State Auditor Tom Schweich has filed a lawsuit in Cole County Circuit Court that says Governor Nixon violated the Missouri Constitution and failed to utilize established accounting principles when he withheld more than $170 million from state agencies, programs and educational institutions prior to the start of the current fiscal year.

Nixon withheld the money for disaster recovery needs in the state. 

AUDIO: Nixon on budget withholdings and Joplin 061011 [Mp3, 6:32 min.]

Schweich says he sent a letter to the governor expressing serious concerns about the legality and financial basis for his withholds. He says “the Missouri Constitution states the governor can only make withholds based on current fiscal year revenue data, at which time there was none.”

The auditor also noted that the governor withheld funds from the Republican controlled legislature and the Republican auditor, but did not cut funds for his own office or any Democrat statewide elected official. “Our state has recently experienced natural disasters of historic proportion,” Auditor Schweich says. “There is no dispute that the victims of the tornadoes and floods must be fully compensated for their tragic losses. But the process must be legal and transparent. There are many legal and transparent ways to do this.”

“Our office does not like litigation. We prefer matters to be resolved by dialogue,” Auditor Schweich says. “I recommended the governor work with the legislature on this issue. Instead of correcting his actions and working with the legislature, the governor has said, ‘the auditor is wrong.’ These withholding are critical as they will result in programs ending and jobs being lost.”

To hear Schweich question the legality of the withholdings, visit this story filed previously by Bob Priddy:

The auditor’s suit alleges:

Gov. Nixon’s withholds were unconstitutional. The governor withheld more than $170 million dollars prior to the start of the current fiscal year without any projections or accounting data of any kind as noted in a report released last week by the state auditor’s office (Report No. 2011-43). Article IV, Section 27 of the Missouri Constitution grants the governor the ability to withhold funds only when actual revenues are less than the revenue estimates. At the time of the governor’s withholdings there were no actual revenues. Interestingly, revenues for the first month of the 2012 fiscal year, July 2011, actually increased .6 percent over 2010 revenues for the same period.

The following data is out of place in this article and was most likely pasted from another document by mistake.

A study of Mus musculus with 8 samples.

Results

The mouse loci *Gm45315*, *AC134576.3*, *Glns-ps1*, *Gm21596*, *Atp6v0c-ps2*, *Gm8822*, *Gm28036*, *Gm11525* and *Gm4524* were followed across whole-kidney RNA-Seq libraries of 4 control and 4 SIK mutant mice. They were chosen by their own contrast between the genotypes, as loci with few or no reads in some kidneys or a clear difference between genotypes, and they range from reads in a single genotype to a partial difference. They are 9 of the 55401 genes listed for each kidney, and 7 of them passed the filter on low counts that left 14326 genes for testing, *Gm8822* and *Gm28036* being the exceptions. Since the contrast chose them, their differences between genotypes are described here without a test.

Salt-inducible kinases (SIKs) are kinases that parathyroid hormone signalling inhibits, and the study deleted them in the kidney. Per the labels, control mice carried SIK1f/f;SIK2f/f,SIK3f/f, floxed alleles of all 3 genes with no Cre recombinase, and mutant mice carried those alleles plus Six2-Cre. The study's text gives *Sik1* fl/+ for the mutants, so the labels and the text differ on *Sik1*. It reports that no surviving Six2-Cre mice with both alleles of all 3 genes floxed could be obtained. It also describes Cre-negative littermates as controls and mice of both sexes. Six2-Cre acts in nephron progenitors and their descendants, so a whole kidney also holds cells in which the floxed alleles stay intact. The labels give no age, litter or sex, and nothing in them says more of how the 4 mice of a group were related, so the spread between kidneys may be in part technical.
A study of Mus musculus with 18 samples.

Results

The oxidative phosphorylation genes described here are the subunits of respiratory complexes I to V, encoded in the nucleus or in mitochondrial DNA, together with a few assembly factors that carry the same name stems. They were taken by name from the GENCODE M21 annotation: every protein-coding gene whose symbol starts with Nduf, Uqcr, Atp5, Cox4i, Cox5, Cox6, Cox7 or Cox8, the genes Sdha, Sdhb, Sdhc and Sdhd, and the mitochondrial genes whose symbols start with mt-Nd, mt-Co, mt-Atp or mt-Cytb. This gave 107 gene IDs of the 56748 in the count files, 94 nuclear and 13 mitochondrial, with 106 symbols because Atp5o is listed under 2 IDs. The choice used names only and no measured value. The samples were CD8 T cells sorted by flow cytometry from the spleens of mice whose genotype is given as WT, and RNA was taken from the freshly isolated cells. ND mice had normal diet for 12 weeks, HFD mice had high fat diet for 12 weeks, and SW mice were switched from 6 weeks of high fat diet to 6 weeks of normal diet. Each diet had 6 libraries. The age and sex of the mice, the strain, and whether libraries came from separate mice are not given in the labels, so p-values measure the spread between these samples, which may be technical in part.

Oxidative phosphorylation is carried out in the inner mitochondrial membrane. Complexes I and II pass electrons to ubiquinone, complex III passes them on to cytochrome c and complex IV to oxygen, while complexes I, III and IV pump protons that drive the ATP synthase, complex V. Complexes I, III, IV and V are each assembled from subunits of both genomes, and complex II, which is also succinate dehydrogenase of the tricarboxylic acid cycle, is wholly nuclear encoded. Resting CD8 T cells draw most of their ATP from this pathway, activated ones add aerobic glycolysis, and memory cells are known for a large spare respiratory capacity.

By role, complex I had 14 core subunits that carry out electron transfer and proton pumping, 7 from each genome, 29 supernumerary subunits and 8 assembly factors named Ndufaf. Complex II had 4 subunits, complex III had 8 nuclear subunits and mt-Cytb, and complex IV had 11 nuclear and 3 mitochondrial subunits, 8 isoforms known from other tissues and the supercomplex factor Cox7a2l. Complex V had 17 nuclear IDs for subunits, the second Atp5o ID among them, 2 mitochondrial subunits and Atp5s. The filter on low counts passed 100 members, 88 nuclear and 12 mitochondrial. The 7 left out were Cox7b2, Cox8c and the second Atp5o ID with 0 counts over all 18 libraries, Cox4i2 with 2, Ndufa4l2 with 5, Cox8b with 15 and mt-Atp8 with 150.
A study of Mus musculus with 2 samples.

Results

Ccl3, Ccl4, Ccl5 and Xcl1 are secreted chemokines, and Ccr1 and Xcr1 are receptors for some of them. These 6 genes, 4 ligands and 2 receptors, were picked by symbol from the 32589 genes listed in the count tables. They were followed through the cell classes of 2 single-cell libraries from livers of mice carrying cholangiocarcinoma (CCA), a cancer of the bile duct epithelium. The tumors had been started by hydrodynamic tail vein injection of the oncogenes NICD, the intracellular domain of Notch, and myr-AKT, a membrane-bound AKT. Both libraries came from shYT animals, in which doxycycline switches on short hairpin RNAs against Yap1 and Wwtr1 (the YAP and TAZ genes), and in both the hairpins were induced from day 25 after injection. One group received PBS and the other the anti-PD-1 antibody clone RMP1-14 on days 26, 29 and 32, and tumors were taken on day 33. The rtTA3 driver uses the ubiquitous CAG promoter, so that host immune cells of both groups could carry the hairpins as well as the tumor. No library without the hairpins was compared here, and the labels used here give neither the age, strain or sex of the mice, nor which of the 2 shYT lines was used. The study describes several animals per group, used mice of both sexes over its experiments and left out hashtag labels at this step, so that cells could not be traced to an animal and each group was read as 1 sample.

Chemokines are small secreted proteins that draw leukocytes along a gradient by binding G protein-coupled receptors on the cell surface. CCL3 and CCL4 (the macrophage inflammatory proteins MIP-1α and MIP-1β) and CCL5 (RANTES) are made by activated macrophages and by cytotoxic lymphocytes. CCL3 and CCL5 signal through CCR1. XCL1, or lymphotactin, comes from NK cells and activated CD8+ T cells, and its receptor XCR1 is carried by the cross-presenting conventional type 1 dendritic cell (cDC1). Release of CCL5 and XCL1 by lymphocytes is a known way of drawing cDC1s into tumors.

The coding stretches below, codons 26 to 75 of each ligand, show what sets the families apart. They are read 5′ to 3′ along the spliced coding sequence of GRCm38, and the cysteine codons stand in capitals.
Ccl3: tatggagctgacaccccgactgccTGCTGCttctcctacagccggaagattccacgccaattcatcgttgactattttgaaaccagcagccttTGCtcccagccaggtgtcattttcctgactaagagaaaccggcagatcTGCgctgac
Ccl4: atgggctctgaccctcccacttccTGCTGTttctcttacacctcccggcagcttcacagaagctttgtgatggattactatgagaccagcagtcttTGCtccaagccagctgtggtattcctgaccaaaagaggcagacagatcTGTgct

Gov. Nixon’s withholds violate the separation of powers. When he withheld more than $170 million dollars from state programs, the governor violated Article III, Sections 1 and 36, and Article IV, Sections 23, 24, 25, 26 and 27 of the Missouri Constitution, infringing upon the power of the General Assembly to specify the distinct amount and purpose of each appropriation when withheld funds are unilaterally diverted and reallocated.

Gov. Nixon’s withholds were arbitrary and capricious. The governor withheld more than $170 million dollars from more than 45 different state programs and agencies. Article IV, Sections 24, 25, 26 and 27 of the Missouri Constitution states the governor must manage the budget in a responsible manner and with discussion with the state legislature. The state auditor’s report found that Gov. Nixon’s withholds were made without any backing data from ledgers, spreadsheets, Microsoft Excel documents, cash balance sheets or any other generally accepted accounting tool.

As the auditor’s office believes it is important for the court resolve to this very important matter, that state auditor’s office will make no further comment on the litigation unless its position is unfairly or inaccurately characterized.

The withholds were made from appropriated funds for: Parents as Teachers, Bright Flight Scholarships, Medicaid, community colleges and state universities, veterinary student loans, the Missouri Film Office, community intervention programs, Area Agencies on Aging (funding partially restored), domestic violence grants (funding partially restored), children’s treatment services, the judiciary, trade zone facilities, regional port authorities, math and science tutoring, the Scholars and Fine Arts Academy, the Missouri Lottery, the Missouri Department of Transportation, the Missouri Federal and State Technology Partnership Program (MOFAST), MOHELA Projects, the Missouri State Penitentiary (MSP) Remediation, marine maintenance facility, civil detention and legal fees, Alzheimer’s grants, Access Missouri Scholarship, crisis care services (funding partially restored), the Missouri Research and Education Network (MOREnet), the Office of Child Advocate, Boonville Readiness Center, community development corporations, transportation, early grade literacy, industry training, local air pollution control, eating disorders staff & expenses, mediation and firefighter training.


Governor Nixon’s office released a statement that talks about the budget and disaster recovery, but does not directly address the lawsuit:

“Just this week, Missouri’s AAA rating – the highest available – was affirmed once again,” Nixon’s office says in a statement e-mailed to Missourinet. “A key basis for this rating has been Gov. Nixon’s fiscal discipline in managing Missouri’s budget. To achieve this, the Governor has used his constitutional authority to fulfill his responsibility to reduce spending to balance the budget, a power used by Governors over the years and consistently upheld by the courts.  


“The Governor will continue to fulfill his responsibility to balance the state budget, fund essential government services and help our communities recover in the wake of the many natural disasters this year, including the devastating tornado that hit Joplin. Gov. Nixon will continue to ensure that Missouri will meet its obligations to help communities recover and rebuild from these disasters.”